Phone Transition

In an earlier comment, Valarie had asked me to keep everyone up to date on my phone transition. So, here goes. A lot of the things I write about here, and in the future, will cause most smart phone users to shrug their shoulders, I’m sure. But I’m new to smart phones, and Valarie is on the fence about getting one, so this is all still exciting to me, and maybe useful to her.

Last Friday, I gave my new smart phone its first practical use. I decided to take the 47 home. While waiting at the bus stop at 4th and Pike, I used the OneBusAway app to check arrival times. This is something I routinely did with my old web-based phone, and the Android app offered not much new. It was, however a whole lot faster. Plus, the app features a map the web page did not, and I was able to select the bus stop by visual location rather than finding and entering the stop number. So the app has a slight advantage.

Yesterday, as we left for gaming in Everett, Phillip decided that he wasn’t going to have us leave the game early to go to the Cricket store. If it got too late to go, and we were all having fun gaming, he’d go get his phone fixed on Monday, after work. Gaming got over around 4:00, the Cricket store closed at 6, so Phillip, who was driving, decided to go. Should he take the freeway or surface streets, he asked as we left Everett. I checked the traffic report on the WSDOT app. The freeway was “green” until a half-mile around 185th, then green all the way to 145th. So, the freeway it was. This was something I couldn’t do at all with my old phone.

Phillip sent me an email this morning, asking me to pick up a hold for him at the library. I have the Seattle Public Library app. One of its features is a “Bar Code Wallet”. I’ve entered Phillip’s library card number, as well as mine, and it generates bar codes, which I’ve saved to my “wallet”. I had a text file with Phillip’s library card number in my old phone, and I’d enter the number manually at the self check-out.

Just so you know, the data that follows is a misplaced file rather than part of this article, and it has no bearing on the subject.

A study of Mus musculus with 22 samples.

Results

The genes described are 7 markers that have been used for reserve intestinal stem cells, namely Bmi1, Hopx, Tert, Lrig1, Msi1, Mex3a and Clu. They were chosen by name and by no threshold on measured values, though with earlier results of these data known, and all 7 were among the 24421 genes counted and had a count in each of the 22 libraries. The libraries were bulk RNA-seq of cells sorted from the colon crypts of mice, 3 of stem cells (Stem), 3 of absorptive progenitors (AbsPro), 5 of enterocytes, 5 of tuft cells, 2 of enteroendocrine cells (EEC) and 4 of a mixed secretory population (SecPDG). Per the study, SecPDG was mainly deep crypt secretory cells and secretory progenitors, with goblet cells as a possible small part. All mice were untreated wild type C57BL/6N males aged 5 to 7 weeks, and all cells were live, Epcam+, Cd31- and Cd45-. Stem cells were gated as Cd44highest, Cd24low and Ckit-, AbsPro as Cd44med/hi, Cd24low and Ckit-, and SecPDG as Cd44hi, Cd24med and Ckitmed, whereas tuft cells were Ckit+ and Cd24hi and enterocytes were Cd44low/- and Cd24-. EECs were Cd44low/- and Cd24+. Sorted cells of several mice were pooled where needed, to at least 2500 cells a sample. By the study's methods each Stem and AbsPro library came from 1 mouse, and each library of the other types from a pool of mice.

The phone’s barcode worked perfectly at the self check-out. It was just like having Phillip’s library card with me. (Of course, I still have to know his PIN.)

wp-1464031900958.pngThe library app is pretty cool. It doesn’t do everything the library web site does. (I can’t access my “shelves”, and it doesn’t default to my preferred hold location, for instance.) But I can view my account, check to see if a hold has come in while I’m riding home, search for books, put books on hold, view branch locations and hours, and so on. The weirdest feature I’ve found so far is the ability to scan a book’s bar code to search the library’s catalog. (I’ll bet book stores aren’t thrilled with that.) The library app is useful, but nothing I couldn’t get by without.

One of the things I predict the new smart phone will change is the question-and-answer game Phillip and I play occasionally. A question will pop into Phillip’s head (Is there snow in Mexico?, for instance) and then it’s my job to find the answer. It used to be that I’d have to remember the question and then remember to look it up when we got home. Now, depending on the circumstances, I can look up the answer wherever we are. (Yes, my old phone had internet, but its ability to actually display web pages was extremely limited. My old phone generally sucked.) And, actually, the game may go away altogether now that our phones have “OK Google” and we can both just ask our phones “Is there snow in Mexico?”

This post was written on a desktop computer, and the screenshot was uploaded via the WordPress app on my phone. I’ve explored the app, but writing a blog post on it seems awkward to me. The smart phone doesn’t win this one.

So far, I’m happy to be a part of the 21st century.